Yesterday the Australian shares ended modestly higher despite a strong lead overseas. The market in late trading gave up some of its early gains as investors started to pocket their profits in recent rallies. The benchmark S&P/ASX200 index was up 0.8%, or 29.7 points, at 3580, while the broader All Ordinaries index rose 1%, or 34.2 points, at 3517.3. Today resource stocks may decline after metals prices fell.
Yesterday the Australian shares surged on hope of the US bailout plan to remove bad debts from banks. The benchmark S&P/ASX200 index ended 2.4% higher, or 84.5 points at 3550.3, a six-week high, while the broader All Ordinaries index was up2.3%, or 78.1 points, at 3483.1. Investors are getting more confident to return to the stocks market as they believe it has hit the bottom. But analysts warned that fundamental issues in economy have not been solved and it will not be a long term rally although the market is in the third week of rises.
On Friday the Australian stocks posted a strong gain with financial sector soaring 5.3%, capping the best week for the market in three months. The benchmark S&P/ASX200 index ended 3.4% higher, or 109.7 points, at 3345.2, while the broader All Ordinaries index was up 3.3%, or 104.3 points, at 3294.7. The ASX200 rose 6% for the week. But analysts say that it is too early to say the bear markets end, although the US banks delivered turnarounds.
Yesterday the Australian market proved defiant and held its ground despite massive falls in the US, according to CMC Markets. Interestingly, the share market didn't react too much to the interest rate decision.
Yesterday the Australian stocks closed lower on all sectors. The benchmark S&P/ASX200 lost 51.1 points, or 1.48 per cent, at 3,413.2, while the broader All Ordinaries dropped 45.3 points, or 1.33 per cent, to 3,366.9. The local market has fell 4.1% so far this week, and the shares may see a further drop after base metal and oil prices lower.
Yesterday Australian shares plunged sharply, dragged by financial stocks as investors feared the UK banks might need to raise more funds. The unfavorable corporate earnings results also weighed down the market. The benchmark S&P/ASX200 was down 1.5%, or 52.6 points, to 3464.3, while the broader All Ordinaries index lost 1.4%, or 49.1 points, to 3412.2.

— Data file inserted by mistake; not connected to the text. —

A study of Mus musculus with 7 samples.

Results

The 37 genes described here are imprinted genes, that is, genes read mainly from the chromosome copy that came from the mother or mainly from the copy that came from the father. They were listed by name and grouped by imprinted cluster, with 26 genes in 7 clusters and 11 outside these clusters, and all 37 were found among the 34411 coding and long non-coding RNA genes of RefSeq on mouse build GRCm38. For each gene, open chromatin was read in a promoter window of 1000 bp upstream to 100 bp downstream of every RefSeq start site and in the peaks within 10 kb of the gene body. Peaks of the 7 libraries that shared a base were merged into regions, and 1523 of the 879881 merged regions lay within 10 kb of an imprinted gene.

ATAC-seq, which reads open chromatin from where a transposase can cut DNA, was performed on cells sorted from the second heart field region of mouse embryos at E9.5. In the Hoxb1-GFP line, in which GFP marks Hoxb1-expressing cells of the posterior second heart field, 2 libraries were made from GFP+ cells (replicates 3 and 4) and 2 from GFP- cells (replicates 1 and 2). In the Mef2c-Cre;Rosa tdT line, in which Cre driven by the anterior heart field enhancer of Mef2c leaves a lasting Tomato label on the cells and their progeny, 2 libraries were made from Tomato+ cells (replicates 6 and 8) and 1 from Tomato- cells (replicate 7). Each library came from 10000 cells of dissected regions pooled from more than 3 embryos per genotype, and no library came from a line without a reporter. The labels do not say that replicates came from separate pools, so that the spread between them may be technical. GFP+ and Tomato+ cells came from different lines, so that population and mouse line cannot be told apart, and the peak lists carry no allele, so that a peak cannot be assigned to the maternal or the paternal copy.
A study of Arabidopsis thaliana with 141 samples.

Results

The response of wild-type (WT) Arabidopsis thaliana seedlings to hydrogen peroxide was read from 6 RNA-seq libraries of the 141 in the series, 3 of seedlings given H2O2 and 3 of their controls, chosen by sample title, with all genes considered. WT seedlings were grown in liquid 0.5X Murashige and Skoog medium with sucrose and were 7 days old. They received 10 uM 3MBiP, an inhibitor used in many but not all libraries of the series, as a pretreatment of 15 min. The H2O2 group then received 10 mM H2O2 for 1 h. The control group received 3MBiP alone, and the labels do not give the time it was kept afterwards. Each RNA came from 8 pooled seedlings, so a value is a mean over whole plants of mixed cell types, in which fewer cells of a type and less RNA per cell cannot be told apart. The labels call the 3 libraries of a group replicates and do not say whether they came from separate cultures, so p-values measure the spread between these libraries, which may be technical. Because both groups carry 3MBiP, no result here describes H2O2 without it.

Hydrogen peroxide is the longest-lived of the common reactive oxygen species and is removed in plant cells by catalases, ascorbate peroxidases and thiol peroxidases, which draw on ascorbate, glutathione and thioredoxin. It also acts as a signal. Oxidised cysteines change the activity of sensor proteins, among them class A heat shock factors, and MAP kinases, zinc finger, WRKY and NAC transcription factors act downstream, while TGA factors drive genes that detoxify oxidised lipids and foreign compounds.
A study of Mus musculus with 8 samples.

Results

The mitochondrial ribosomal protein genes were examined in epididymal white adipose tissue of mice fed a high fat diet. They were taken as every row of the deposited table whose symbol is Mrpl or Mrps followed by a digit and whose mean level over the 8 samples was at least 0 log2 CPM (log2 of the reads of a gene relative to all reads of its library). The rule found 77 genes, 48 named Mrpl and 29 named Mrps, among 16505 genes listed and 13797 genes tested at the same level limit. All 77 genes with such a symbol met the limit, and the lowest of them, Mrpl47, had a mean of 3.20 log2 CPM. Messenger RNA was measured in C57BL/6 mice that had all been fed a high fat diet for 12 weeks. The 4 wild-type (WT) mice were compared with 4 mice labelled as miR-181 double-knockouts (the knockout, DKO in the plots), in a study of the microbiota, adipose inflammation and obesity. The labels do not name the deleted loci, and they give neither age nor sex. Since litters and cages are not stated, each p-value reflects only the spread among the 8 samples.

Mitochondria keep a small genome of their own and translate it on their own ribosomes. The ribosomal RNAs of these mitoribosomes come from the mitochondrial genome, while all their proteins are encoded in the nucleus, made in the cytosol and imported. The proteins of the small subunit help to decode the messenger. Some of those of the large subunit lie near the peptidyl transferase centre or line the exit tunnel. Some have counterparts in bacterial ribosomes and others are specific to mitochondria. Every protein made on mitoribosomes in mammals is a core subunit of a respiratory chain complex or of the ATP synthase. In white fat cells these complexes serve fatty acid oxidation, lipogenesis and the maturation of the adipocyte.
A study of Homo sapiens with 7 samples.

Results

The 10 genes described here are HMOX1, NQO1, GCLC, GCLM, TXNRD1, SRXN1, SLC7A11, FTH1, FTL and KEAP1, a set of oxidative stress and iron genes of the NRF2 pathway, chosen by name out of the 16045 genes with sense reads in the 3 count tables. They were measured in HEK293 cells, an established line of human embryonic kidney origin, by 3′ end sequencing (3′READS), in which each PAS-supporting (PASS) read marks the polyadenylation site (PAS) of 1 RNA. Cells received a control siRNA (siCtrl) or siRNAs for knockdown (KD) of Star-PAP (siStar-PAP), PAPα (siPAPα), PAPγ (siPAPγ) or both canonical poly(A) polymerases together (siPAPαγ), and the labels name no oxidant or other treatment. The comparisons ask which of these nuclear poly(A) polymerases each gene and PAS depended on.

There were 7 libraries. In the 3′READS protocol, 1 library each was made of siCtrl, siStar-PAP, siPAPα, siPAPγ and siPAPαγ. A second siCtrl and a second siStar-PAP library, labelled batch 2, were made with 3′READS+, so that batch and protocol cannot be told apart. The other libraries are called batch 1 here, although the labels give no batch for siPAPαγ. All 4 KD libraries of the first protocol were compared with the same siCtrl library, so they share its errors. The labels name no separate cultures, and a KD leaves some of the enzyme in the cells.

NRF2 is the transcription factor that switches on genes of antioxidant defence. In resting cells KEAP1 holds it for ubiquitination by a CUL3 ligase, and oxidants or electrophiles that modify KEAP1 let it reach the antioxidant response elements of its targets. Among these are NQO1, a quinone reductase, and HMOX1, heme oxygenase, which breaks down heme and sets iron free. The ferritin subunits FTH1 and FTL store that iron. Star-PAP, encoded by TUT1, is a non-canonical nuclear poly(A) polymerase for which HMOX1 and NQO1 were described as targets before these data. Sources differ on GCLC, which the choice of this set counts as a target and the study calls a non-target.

Yesterday the Australian share market weathered the bad lead from Wall Street and ended with a modest drop. The benchmark S&P/ASX200 index closed down 0.4%, or 14.3 points, at 3474.4, while the All Ordinaries fell 0.3%, or 10.5 points, at 3418.1. Today traders are expecting Rio Tinto's earnings report with a profit increase and details of the talks with Chinalco over the A$30 billion cash injection deal.
Yesterday the Australian shares closed higher led by banks and the resources sector. The benchmark S&P/ASX200 index rose 38.7 points, or 1.12 per cent, at 3508.6, while the broader All Ordinaries gained 38.3 points, or 1.12 per cent, at 3445.8. The market is expected to be quiet when investors await the details of the US rescue plan.
Yesterday the Australian stock market ended the day lower, led by financial stocks, on renewed worries about banking industry worldwide. The benchmark S&P/ASX200 index was down 1%, or 33.8 points, at 3442.8, while the broader All Ordinaries index was lower by 0.9%, or 30.2 points, at 3394.8. Regulator ASIC's move to extend a ban on covered short-selling of financial securities would give a positive lead to the banking industry.
Yesterday, the Australian shares closed lower as investors were leaving the market before Christmas. On Monday, the benchmark S&P/ASX200 index was down 58.3 points, or 1.61%, at 3557.4 points, while the broader All Ordinaries index was 54.9 points, or 1.55% lower, at 3492.3 points. Analysts said the loss was larger than expected, and the negative news from the world markets would impact on the local market.